Anglicisms that Italians could do without

English has crept into the Italian language for years, probably starting with film in the 1930s, then with television, then traveling, and today through technology and social media. Recently, a huge controversy broke out in Italy.  Prin (research projects of national interest), the largest Italian public fund to sponsor research, announced this year that all applications for funding will have to be written in English. The president of the Accademia della Crusca, which defends the Italian language, asked the Ministry of Education to rethink it.

Now an Italian dictionary is also trying to preserve the Italian language. Devoto-Oli is one of the most popular dictionaries in Italian. It takes its name from its two authors, and the first edition dates back to 1971. The most recent edition includes a new section of 200 English words that Italians use but could replace with Italian words. Here are examples from the dictionary:

Travelling…

1.     All inclusive: “Tutto compreso.” We often find this term when we are making choices about travel.  It means that the price includes travel, meals, drinks, accommodation and other services.  Sometimes, cruise ships have an all-inclusive price (with exceptions listed).

2.  Jet lag:  The English term jet lag indicates the state of mental and physical discomfort that can be felt after a long flight by plane due to the difference in time zones between the place of departure and arrival.   To say it in Italian you can use “mal di fuso” or “sindrome da fuso orario.”

3.  Low Cost:  This expression came to Italy in the nineties and refers to airlines that offer flights at a lower price than those charged by traditional companies. The expression has then extended to other low-cost arrangements: from low-cost packages, which offer air travel and stay in a hotel at competitive prices, to low-cost restaurants, where you can eat spending little.  Instead, in Italian you can say “a basso costo,” “a basso prezzo,” “a buon mercato,” or the adjective “economico.’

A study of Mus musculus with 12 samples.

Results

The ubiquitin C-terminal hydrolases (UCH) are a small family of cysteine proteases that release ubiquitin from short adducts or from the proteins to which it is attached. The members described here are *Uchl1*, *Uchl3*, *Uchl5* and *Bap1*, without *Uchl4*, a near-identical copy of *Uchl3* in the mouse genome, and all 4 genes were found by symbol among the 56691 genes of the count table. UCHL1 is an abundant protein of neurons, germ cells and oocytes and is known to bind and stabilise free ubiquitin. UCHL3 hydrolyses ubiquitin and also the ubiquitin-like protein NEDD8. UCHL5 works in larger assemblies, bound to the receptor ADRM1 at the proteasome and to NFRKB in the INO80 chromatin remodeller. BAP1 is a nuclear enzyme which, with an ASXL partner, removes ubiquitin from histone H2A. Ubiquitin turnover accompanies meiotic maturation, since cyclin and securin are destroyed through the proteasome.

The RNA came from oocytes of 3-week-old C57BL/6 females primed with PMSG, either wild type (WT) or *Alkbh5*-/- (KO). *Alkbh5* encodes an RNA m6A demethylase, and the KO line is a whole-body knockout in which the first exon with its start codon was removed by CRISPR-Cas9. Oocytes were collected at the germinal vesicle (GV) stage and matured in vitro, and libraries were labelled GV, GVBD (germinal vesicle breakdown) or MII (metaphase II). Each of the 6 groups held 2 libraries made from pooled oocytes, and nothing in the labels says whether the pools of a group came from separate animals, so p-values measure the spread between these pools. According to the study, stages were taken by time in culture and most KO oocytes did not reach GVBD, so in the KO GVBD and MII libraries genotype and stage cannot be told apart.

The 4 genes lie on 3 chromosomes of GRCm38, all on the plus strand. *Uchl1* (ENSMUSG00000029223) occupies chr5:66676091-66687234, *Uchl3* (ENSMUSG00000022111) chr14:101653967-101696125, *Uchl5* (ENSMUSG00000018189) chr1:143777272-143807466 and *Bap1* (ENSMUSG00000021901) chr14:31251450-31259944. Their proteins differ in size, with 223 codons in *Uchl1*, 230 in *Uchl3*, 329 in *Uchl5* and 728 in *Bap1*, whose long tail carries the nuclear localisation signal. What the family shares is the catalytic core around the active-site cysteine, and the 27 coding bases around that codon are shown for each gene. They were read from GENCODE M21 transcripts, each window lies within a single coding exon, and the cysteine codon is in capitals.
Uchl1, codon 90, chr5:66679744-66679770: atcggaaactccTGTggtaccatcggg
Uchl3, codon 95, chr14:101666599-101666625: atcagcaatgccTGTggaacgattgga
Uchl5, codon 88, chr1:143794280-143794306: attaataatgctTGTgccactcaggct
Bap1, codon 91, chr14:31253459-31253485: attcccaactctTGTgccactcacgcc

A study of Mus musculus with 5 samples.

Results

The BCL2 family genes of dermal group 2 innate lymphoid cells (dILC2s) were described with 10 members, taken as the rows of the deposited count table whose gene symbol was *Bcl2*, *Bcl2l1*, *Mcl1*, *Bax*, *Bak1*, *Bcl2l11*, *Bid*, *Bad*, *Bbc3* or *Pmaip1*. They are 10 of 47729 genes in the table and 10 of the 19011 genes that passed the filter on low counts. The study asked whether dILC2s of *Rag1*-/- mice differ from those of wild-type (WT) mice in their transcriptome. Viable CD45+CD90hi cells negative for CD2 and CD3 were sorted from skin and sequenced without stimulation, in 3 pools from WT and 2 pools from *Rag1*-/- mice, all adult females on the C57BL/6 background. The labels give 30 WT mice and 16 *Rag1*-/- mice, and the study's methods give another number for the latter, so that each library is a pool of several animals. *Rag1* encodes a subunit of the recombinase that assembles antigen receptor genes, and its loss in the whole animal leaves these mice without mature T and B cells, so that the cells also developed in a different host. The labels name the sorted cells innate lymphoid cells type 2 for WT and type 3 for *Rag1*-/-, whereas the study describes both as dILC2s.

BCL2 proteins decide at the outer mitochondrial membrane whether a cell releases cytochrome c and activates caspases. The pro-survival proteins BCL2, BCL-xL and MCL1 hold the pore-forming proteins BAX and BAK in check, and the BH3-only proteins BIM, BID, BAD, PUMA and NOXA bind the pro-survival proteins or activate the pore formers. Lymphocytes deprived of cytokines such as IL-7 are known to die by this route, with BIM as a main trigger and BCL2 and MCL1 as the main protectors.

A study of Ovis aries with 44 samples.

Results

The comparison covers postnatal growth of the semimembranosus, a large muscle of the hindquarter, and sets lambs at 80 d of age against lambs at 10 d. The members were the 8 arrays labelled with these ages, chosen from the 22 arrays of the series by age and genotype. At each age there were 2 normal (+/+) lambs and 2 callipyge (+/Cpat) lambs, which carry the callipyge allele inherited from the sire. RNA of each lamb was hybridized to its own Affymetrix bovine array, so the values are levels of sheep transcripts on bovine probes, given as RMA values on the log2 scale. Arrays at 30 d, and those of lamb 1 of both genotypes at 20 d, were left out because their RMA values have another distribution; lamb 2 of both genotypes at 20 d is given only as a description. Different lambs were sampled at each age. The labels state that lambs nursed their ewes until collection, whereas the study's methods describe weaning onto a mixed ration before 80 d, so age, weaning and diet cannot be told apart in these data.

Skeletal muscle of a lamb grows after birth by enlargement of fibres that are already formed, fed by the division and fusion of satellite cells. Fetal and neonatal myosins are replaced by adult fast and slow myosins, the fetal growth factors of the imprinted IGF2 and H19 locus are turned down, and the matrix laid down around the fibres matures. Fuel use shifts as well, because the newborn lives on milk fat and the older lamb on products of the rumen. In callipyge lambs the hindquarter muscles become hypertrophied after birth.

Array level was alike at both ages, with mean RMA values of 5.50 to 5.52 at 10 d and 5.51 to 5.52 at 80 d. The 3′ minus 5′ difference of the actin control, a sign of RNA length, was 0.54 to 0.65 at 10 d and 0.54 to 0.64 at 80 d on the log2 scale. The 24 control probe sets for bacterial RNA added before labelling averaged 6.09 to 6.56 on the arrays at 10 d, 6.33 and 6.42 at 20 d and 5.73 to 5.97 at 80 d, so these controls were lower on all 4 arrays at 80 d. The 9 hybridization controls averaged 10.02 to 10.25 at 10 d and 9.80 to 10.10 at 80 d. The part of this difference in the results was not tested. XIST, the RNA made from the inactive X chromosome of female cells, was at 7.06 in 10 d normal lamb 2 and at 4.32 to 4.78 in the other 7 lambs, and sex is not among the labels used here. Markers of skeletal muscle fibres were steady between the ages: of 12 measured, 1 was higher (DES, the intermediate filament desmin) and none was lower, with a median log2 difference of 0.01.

At the Movies…

1.  Happy ending: In 1940 the term entered Italian to indicate the happy ending of a film, a comedy, a novel, a story.  Instead use “lieto fine.”

2.  Love story: The expression can easily be translated into Italian as “storia d’amore.  The           English term became popular since the seventies, after the great success of the novel “Love Story” by the American Erich Segal.

3.  Red carpet: The English phrase red carpet spread throughout Italy in the 2000s to indicate “il tappetto rosso” on which famous people parade, especially in the world of entertainment, or on the occasion of awards, inaugurations, ceremonies, or other important events. The celebrities on the red carpet itself represents an event within an event.

The Web…

1.  E-mail: It is one of the most widespread anglicisms in Italian since 1991. To say it in          Italian, you can use “posta elettronica” (for example, “indirizzo di posta elettronica”). You can also use “messaggio”, distinguishing it from “messaggino,” or the text message sent from the phone.

2.  Home page: In the computer language, the home page indicates the “pagina iniziale” of a site from which you can access other pages, or the start page of a navigation program.

3.  Selfie: The English noun selfie began to circulate at the beginning of the millennium and developed exponentially as mobile phones (smartphones) spread with the front camera. You can use “autoscatto”, even if in this case we are not dealing with a real synonym.